Police removed hundreds of protesters who staged a sit-in that shut down one of Hong Kong’s busiest streets Sunday—one day after demonstrators went on a violent rampage outside the venue for the WTO meeting in Hong Kong.
Security forces prepared for more fighting and chaos Sunday as protesters planned another street march on the last day of the World Trade Organization gathering.
The sit-in protesters—mostly South Korean farmers—chanted “down, down WTO” as officers led them away in batches and loaded them into buses. They did not resist the police, who surrounded them on the major thoroughfare in central Hong Kong.
Police spokeswoman Polly Ko would not provide details on how many were rounded up or whether they would be charged or deported.
The anti-WTO protesters, also including Southeast Asian, European and U.S. activists, broke through police cordons on Saturday and came close to storming the WTO meeting venue. Trade ministers from around the world were inside the building trying to wrap up their six-day meeting.
The protesters attacked police with bamboo flagpoles and used a metal barricade to ram a line of officers with riot shields in the worst street violence Hong Kong has seen in decades. Security forces fought back with batons and shields and fired tear gas and pepper spray to disperse the crowd.
As of Sunday morning, 108 people, including 39 police, were injured, but most were discharged after treatment, said government spokeswoman Flora Loh.
Three demonstrators—two Korean men and a Chinese man—were admitted into hospitals. One of the Koreans was in serious condition and the others were in stable condition, she said.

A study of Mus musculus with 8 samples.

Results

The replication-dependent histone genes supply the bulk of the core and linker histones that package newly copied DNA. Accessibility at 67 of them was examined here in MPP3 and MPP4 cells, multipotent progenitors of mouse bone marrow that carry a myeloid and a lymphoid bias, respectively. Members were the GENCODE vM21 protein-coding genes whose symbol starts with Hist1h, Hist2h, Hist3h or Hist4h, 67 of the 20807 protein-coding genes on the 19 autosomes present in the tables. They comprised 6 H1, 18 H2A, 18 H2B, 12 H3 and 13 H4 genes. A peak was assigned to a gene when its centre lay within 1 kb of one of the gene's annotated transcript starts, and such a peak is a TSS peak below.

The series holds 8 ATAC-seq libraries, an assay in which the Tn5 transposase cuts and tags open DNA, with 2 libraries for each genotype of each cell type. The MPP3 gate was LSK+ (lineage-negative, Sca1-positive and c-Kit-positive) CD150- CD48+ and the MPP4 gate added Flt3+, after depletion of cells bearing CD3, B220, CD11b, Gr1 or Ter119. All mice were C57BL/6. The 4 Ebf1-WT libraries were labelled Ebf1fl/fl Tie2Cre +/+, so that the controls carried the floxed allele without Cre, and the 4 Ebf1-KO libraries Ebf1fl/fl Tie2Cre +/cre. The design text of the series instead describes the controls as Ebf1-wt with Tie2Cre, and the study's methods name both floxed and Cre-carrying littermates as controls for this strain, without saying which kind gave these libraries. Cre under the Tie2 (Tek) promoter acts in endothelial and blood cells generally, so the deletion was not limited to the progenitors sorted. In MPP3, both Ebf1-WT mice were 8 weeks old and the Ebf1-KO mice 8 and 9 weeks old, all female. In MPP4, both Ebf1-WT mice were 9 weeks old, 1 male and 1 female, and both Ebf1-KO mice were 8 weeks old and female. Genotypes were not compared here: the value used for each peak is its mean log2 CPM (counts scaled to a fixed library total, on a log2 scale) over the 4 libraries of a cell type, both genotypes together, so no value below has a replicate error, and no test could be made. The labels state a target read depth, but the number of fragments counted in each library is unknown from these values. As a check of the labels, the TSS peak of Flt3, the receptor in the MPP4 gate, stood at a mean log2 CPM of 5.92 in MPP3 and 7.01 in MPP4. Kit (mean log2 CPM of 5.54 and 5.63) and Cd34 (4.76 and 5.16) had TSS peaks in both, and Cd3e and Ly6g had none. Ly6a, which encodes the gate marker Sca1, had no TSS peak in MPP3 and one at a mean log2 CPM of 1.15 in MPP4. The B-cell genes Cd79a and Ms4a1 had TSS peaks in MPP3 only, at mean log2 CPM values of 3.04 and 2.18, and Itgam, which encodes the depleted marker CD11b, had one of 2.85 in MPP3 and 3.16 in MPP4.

The demonstrators oppose the WTO’s efforts to open up global markets.
One of the protesters, militant French farmer Jose Bove, said police arrested about 500 people and put 300 in jail, including many protest leaders. He condemned the arrests “as clearly arbitrary detentions.”
“What the small farmers want all over the world is to feed their own population … that’s what the people are fighting for,” said Bove, best known for ransacking a McDonald’s restaurant under construction near his home in 1999.
Bove was briefly detained at the airport when he arrived this week, but he was allowed to enter Hong Kong after the French consul general intervened.
The French farmer said that Sunday’s protest was supposed to be the biggest. But he said the size of the crowd was uncertain now because many migrant laborers were worried they would be arrested and be deported.
After Saturday’s violence, Hong Kong protest leaders said they might cancel Sunday’s protest, which was supposed to be the biggest.
But Lee Cheuk-yan, an organizer, said the march would proceed as scheduled.
Mostly peaceful protests have been held daily since the WTO started meeting on Tuesday, with some small-scale fighting between the police and South Koreans.
Previous WTO meetings in Seattle and Cancun, Mexico, were marred by large-scale violent demonstrations.